Ayutthaya; bike ride, temple ruins & a Bangkok pit stop

Ayutthaya is a place bursting with history. The long and short of it is, the city was founded in 1350 by King Ramathibodi, which back when Thailand was named Siam, was the capital city of Thailand; full of important monasteries and temples. Fast forward some 700 years and a destruction by the Burmese in 1767, the city is full of Ancient temple ruins, and little else.

Another long coach journey from Chiang Mai (broken up by a trip to KFC, in which they give you glasses instead of cups and bring your food over to you) brought us to Ayutthaya on a Friday afternoon: the place was literally dead. An honest description of Ayutthaya would be that it’s a contrast between the beautiful and…erm…the not so beautiful. An eery quietness of the area made it seem quite sleazy, we were warned by our tour guide to not even go to the 7/11 round the corner from our hotel on our own. The hotel we stayed in was actually lovely, when you walked in it looked as posh as The Hilton! Bit of a bummer that we only had the luxury of that hotel for one night, in a location that wasn’t so luxurious.

We took a larger version of the Tuk Tuks we’d experienced in Bangkok and Chiang Mai, to a beautiful looking restaurant that overlooked the river; the problem was, the service was terrible, there were bugs on the plates one of our groupies actually ended up eating somewhere else! But hey ho, that’s the beauty of travelling; not everywhere you visit will be quite up to your standard, and you will experience things that gross you out a bit. Anyway, we decided to go to Tesco (yep, UK people, Thailand have Tesco!), grab an ice cream and carry on.

The following day saw Ayutthaya redeem itself, as we embarked on a bicycle ride around the Ancient temple ruins. When I was a kid, my bike was my life, but I hadn’t really ridden one since! Riding a bike for the first time in the best part of 8 years, in a country where there’s seemingly no speed limits for cars, more motorbikes and scooters than cars and where traffic lights seemed to be ignored, with NO HELMET ON was a terrifying prospect. But, you guessed it, I loved it! (This seems to be becoming a pattern)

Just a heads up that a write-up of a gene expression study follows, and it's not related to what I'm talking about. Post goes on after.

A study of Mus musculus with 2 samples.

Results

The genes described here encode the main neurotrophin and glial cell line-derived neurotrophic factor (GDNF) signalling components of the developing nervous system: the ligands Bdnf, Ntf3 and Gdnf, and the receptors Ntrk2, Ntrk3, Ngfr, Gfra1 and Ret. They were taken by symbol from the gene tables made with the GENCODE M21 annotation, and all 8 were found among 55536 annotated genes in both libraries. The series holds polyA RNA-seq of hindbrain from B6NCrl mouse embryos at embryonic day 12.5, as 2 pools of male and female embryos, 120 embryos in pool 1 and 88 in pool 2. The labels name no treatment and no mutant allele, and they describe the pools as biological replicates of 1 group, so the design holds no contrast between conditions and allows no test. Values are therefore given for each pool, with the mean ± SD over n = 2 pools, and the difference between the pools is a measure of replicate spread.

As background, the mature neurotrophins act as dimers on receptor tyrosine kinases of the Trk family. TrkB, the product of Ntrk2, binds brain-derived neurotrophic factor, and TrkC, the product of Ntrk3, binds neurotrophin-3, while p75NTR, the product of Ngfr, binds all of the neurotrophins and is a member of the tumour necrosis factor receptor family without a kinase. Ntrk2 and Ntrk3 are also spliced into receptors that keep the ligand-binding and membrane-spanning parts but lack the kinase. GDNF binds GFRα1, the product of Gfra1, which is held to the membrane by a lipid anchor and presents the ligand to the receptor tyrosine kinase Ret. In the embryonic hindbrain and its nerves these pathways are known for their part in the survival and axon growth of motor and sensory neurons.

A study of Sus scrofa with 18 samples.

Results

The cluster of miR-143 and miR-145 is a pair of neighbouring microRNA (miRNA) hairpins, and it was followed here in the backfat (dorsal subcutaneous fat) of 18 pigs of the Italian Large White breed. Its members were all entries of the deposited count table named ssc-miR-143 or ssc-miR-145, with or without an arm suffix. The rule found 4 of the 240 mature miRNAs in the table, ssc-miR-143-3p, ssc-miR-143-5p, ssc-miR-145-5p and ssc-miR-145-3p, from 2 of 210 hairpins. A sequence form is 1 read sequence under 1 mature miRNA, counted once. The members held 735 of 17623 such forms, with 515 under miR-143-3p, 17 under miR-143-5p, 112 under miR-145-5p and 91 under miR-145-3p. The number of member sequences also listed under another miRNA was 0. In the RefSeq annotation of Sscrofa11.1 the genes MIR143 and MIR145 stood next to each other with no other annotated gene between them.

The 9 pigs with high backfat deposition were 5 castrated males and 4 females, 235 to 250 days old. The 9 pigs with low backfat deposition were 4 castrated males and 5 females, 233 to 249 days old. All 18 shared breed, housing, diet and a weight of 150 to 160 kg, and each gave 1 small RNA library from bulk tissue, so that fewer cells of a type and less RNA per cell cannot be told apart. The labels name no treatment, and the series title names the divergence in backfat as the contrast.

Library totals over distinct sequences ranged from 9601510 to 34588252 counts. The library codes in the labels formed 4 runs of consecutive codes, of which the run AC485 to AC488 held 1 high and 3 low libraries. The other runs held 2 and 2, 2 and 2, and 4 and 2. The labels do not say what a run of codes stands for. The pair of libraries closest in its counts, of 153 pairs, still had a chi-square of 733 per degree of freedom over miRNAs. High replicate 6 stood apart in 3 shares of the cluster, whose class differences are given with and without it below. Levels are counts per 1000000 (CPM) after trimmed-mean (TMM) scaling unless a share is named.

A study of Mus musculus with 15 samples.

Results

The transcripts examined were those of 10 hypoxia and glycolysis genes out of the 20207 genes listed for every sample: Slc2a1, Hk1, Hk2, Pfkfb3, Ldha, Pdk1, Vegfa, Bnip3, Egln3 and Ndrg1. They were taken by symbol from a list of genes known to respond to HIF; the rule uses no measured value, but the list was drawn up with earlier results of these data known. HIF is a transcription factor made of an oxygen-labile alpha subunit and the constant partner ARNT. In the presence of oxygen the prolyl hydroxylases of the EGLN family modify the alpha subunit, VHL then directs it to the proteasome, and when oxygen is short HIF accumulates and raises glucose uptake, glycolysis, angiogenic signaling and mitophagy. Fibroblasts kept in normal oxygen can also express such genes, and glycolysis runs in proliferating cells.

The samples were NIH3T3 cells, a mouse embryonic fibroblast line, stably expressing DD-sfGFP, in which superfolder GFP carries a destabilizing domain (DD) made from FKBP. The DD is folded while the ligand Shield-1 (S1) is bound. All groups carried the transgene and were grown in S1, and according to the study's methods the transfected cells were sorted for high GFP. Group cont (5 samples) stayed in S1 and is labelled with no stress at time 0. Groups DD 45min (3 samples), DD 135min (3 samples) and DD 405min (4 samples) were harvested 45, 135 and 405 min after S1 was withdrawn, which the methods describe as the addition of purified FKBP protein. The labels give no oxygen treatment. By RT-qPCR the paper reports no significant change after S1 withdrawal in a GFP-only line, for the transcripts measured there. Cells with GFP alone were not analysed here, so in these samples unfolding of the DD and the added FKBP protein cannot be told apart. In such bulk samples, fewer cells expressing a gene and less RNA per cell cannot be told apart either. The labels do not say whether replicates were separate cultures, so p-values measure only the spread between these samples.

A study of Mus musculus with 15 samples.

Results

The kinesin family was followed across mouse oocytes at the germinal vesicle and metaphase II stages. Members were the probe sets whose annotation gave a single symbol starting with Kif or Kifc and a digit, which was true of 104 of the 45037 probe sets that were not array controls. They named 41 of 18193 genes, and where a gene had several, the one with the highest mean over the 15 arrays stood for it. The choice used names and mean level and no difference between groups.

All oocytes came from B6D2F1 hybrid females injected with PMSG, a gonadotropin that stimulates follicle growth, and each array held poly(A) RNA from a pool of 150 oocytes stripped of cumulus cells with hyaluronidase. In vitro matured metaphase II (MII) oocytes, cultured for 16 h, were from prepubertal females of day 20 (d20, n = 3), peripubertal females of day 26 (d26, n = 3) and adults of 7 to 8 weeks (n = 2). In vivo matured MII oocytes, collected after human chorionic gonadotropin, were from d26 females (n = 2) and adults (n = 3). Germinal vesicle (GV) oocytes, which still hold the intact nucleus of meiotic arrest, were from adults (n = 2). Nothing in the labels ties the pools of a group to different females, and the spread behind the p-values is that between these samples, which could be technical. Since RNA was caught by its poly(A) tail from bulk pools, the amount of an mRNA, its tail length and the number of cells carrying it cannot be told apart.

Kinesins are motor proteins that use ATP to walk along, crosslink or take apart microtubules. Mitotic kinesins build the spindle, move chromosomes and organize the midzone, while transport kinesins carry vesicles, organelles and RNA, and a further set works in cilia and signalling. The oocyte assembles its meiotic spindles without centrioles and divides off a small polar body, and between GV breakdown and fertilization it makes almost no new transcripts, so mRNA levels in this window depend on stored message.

The first temple our bike ride took us to was the Wat Phra Mahathat, which is now a registered UNESCO world heritage site. It’s strange to think that what once was a full on temple could still remain so beautiful just as ruins. Some of the exact spots we stood in were walked through by the King as a celebration, and in the 20th century the temple was very likely surrounded by canals and moats…but no more. It was all very interesting, our tour guide went through some facts and history with us, if you’re interested in hearing all about it then…look it up yourselves lol.




We were soon back on the road again, heading for our island adventures in Koh Samui. A coach journey of a couple of hours took us back to Bangkok, where a 5 hour wait for the next public coach forced me to buy a load of crap on Khao San Road that I didn’t need, and we got caught up in a torrential rain shower! So folks, our mainland Thai adventures drew to a close, and we were so ready for some relaxation on the islands…stay tuned for my next posts to hear about my volunteering in Koh Samui, Snorkelling on Koh Tao, and the Full Moon Beach party on Koh Phangan!